The good news is that Theresa May and her Brexit blues have been pushed off the top of the French front pages. The bad news is that the beleagured British prime minister has been replaced by a plague of yellow jackets, those protesters in high-visibility vests who have threatened to bring France to a standstill today in protest against fuel price increases.


Le Monde says the yellow-jacket movement has seen a rapid rise in the numbers in its informal ranks, mainly thanks to social media. And that its members come mostly from rural or far suburban localities, where there's a general feeling that the population has been forgotten by the state.

Those yellow jackets met by the centrist paper's reporters all have jobs but have frequently chosen to buy or rent accommodation far from large urban centres because of inflated house prices.

That means they are totally dependent on their cars. They see the increases to be implemented in January to finance ecological initiatives as the last straw. Since they live in areas where public services are minimal, they have the feeling that they pay a lot of tax for a very small return.

And little things stick. Many of those interviewed by Le Monde remark unfavourably on the decision by President Emmanuel Macron to replace the porcelain dinner service at the Elysée Palace for 500,000 euros. It's an insignificant sum in the broader perspective of state spending, but it rankles.

"We have to tighten our belts," says one protester who will help to block the Mont Blanc tunnel leading to Italy later today. "But they don't."

The yellow jacket movement is, so far at least, resolutely apolitical, mainly out of fear of being hijacked by the far right as represented by Marine Le Pen. This is a citizens' movement, complete with its list of very ordinary demands, chillingly reminiscent of the popular wave of revolt which lead to the 1789 Revolution.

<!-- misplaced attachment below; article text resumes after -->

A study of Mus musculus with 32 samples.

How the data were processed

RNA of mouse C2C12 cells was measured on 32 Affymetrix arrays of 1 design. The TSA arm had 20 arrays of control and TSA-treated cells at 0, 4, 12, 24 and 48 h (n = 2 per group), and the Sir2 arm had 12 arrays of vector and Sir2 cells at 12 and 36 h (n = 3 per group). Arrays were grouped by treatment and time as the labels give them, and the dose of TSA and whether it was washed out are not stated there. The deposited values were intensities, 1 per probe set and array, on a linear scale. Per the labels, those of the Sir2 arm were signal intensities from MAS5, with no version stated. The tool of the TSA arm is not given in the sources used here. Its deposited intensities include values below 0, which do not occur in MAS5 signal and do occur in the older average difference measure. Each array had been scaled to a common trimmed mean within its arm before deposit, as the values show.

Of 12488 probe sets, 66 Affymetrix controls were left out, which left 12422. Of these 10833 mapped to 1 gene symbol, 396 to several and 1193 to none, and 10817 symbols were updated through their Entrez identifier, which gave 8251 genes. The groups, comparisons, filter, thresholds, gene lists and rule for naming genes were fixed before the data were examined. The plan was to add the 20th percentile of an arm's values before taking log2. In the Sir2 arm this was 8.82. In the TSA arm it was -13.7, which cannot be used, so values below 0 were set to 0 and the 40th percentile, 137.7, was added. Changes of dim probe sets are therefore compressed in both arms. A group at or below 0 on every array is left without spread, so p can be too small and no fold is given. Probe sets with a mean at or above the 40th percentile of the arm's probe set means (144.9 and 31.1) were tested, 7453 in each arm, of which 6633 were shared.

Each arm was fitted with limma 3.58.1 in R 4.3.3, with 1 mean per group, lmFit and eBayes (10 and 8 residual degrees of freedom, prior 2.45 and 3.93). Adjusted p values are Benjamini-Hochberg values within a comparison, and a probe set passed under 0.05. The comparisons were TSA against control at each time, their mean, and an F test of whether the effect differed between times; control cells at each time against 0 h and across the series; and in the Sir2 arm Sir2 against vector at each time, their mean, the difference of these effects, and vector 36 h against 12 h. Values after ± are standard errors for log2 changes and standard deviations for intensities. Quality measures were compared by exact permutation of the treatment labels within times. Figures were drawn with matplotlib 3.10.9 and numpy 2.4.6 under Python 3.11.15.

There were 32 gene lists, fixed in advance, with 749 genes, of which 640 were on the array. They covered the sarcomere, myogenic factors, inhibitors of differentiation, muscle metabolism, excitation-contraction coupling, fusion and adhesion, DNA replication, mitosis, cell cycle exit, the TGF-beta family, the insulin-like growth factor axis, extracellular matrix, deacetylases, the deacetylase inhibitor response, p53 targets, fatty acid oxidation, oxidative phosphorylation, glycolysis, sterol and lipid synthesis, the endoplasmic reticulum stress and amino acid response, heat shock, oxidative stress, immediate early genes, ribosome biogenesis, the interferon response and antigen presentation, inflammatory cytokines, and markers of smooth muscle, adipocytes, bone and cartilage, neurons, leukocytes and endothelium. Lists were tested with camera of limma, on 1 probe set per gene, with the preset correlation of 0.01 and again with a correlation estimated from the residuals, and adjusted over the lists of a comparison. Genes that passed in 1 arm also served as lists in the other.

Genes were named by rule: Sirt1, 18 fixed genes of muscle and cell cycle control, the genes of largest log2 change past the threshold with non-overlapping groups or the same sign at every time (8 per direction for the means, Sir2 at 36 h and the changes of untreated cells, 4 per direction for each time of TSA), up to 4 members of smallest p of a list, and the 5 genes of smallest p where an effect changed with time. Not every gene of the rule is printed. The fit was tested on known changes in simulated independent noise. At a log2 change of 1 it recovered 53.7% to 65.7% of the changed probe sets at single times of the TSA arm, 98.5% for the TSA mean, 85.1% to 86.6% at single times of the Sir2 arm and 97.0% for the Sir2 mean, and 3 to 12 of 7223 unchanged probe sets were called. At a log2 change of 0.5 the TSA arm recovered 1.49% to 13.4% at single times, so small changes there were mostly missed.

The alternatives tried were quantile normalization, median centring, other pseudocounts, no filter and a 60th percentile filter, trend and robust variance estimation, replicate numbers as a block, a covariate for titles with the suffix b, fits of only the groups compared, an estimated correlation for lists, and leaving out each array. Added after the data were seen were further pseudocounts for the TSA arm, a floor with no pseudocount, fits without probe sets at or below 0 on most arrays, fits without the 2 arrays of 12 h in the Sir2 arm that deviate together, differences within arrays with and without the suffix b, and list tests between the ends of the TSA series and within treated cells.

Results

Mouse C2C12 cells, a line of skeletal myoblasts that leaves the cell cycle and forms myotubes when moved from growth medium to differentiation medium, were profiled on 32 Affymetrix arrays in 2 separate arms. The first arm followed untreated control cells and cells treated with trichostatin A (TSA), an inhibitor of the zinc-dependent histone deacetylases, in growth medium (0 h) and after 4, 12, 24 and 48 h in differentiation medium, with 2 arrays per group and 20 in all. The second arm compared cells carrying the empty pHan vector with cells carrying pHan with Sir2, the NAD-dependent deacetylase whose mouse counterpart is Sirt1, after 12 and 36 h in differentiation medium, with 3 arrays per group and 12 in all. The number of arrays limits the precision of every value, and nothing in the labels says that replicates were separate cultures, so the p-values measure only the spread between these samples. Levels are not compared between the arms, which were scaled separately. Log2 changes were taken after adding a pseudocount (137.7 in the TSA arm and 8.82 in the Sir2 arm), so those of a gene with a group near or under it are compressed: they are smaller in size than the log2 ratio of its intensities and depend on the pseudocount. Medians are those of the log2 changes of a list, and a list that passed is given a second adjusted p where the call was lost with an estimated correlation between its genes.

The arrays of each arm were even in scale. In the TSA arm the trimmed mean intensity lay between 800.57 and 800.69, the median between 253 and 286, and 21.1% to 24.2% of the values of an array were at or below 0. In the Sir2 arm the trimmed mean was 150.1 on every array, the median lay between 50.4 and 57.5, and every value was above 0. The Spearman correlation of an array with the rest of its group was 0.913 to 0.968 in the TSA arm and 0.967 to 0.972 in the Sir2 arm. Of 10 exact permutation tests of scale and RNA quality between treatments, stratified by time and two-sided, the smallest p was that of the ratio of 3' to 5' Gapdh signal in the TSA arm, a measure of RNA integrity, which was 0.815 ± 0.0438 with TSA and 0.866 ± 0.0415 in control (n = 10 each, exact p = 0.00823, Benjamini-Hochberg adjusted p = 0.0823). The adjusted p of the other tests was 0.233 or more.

At least 1,500 separate demonstrations are scheduled for today all over France.

Another presidential failure

Libération's front page rather bizarrely says this is going to be "the yellowist day," with perhaps a belligerent glance at "the longest day," generally associated with the start of the D-Day landings in 1944.

The editorial in the left-leaning daily is headlined "Injustice" and it begins with Macron's sad confession that he has failed to reconcile the French people with those who rule them. Worse, says Libé, the president who won on a promise of doing politics differently, who brought together his elite backers and a majority from the middle and working classes, has widened and deepened the chasms dividing the wealthy urban enthusiasts for a greener world from the poorer suburban or rural France where the central heating still runs on fuel.

Libération says annoyance at the social injustice which has characterised government policy over the past 18 months is very deep. That's what the president should be worrying about.

Three quarters of the French support protest

Right-wing Le Figaro is not so sure this is just a rural movement. The paper commissioned an opinion poll which shows that 75 percent of French voters support the Yellow Vests.

That doesn't mean they'll all be out blocking the roads later today . . . only 15 percent of those questioned say they'll actively participate in the protests . . . but a big majority feel that the government has not done enough to address the legitimate anger of protesters. And those questioned come from all shades of political opinion, from far right to hard left.

Sixty-eight percent of those polled were not convinced by President Emmanuel Macron's television performance earlier this week.

It could be the start of a long, hard winter.